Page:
When you hear the name Dylan Thomas (1914-1953), the first thing that comes to most people’s minds about the Welsh poet is his best-known work, “Do Not Go Gentle into That Good Night”, written for his dying father. What you do not expect is to see a joyous, poignant remembrance of a family gathering over the Yuletide season. A Child’s Christmas in Wales, adapted from Thomas’ poem by playwrights Jeremy Brooks and Adrian Mitchell, is a warm story which reveals the everyday magic in the commonplaces of a more innocent era, seen from a young boy’s perspective.
Our guide into the past is the adult Dylan. The tale he relates for us is of a long-past Christmas eve – unique, yet made of the traditions of generations past and expected to remain so for years to come – when young Dylan’s parents will be hosting “the uncles and the aunts” for Christmas dinner. There are familiar melodies, some given new and more raucous lyrics by Dylan and his friends. Wintry mists and snowfalls turning familiar streets and parks into new playgrounds and turning the frozen sea edge into a new world of imagination. The almost unbearable anticipation of presents and feasting and the family ingathering. And, above it all, the taken-for-granted knowledge that you’re part of a large and loving family.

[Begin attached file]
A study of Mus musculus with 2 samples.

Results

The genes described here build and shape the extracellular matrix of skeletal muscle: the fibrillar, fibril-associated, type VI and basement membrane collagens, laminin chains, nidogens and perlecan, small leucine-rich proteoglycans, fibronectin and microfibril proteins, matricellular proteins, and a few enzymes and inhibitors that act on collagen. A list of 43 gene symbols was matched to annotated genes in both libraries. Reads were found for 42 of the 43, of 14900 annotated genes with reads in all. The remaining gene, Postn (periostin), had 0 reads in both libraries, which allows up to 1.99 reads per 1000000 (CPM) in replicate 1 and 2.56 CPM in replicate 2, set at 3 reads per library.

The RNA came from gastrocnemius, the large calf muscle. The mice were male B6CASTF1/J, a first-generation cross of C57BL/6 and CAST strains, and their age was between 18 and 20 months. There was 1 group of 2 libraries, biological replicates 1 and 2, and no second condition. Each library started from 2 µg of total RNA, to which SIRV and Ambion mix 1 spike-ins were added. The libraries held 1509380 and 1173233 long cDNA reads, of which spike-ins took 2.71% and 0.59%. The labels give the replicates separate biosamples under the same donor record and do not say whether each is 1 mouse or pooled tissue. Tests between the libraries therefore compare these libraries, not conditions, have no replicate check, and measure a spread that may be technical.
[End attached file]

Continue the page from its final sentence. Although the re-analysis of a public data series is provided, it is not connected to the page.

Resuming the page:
The cast, under the inspired direction of Joseph Discher, is uniformly excellent, a true ensemble in every sense of the word. Theirs is the art of convincing the audience not that they are not seeing a fine production (which they are) but rather that they are being invited in to observe a real family enjoying the season, the festivities, and each other. However, one has to praise the performance of Greg Jackson, taking on the task of playing both the adult Dylan and his younger self, and handling both roles exceedingly well. Of course, it takes outstanding designers to create the world in which this family resides, and as ever, the Shakespeare Theatre’s design team (scenic designer Jonathan Wentz, lighting designer Rachel Miner Gibney, costume designer Tristan Raines, and sound designer Steven Beckel) does not disappoint. Credit must also go to the fine work of dialect coach Stephen Gabis.
As Dylan’s father says, “My theory is that the singing of songs and the speaking of verse, which is what we do at Christmas, is the only fit way for humans to communicate with each other.” After seeing this celebration of family and holidays and more innocent times, one would be hard-pressed to disagree. I urge everyone to experience A Child’s Christmas in Wales before it closes on New Year’s Day.
A Child’s Christmas in Wales is being presented by the Shakespeare Theatre of New Jersey at the F.M. Kirby Shakespeare Theatre on the campus of the Drew University in Madison through January 1st, 2017. For tickets and information, visit www.shakespearenj.org.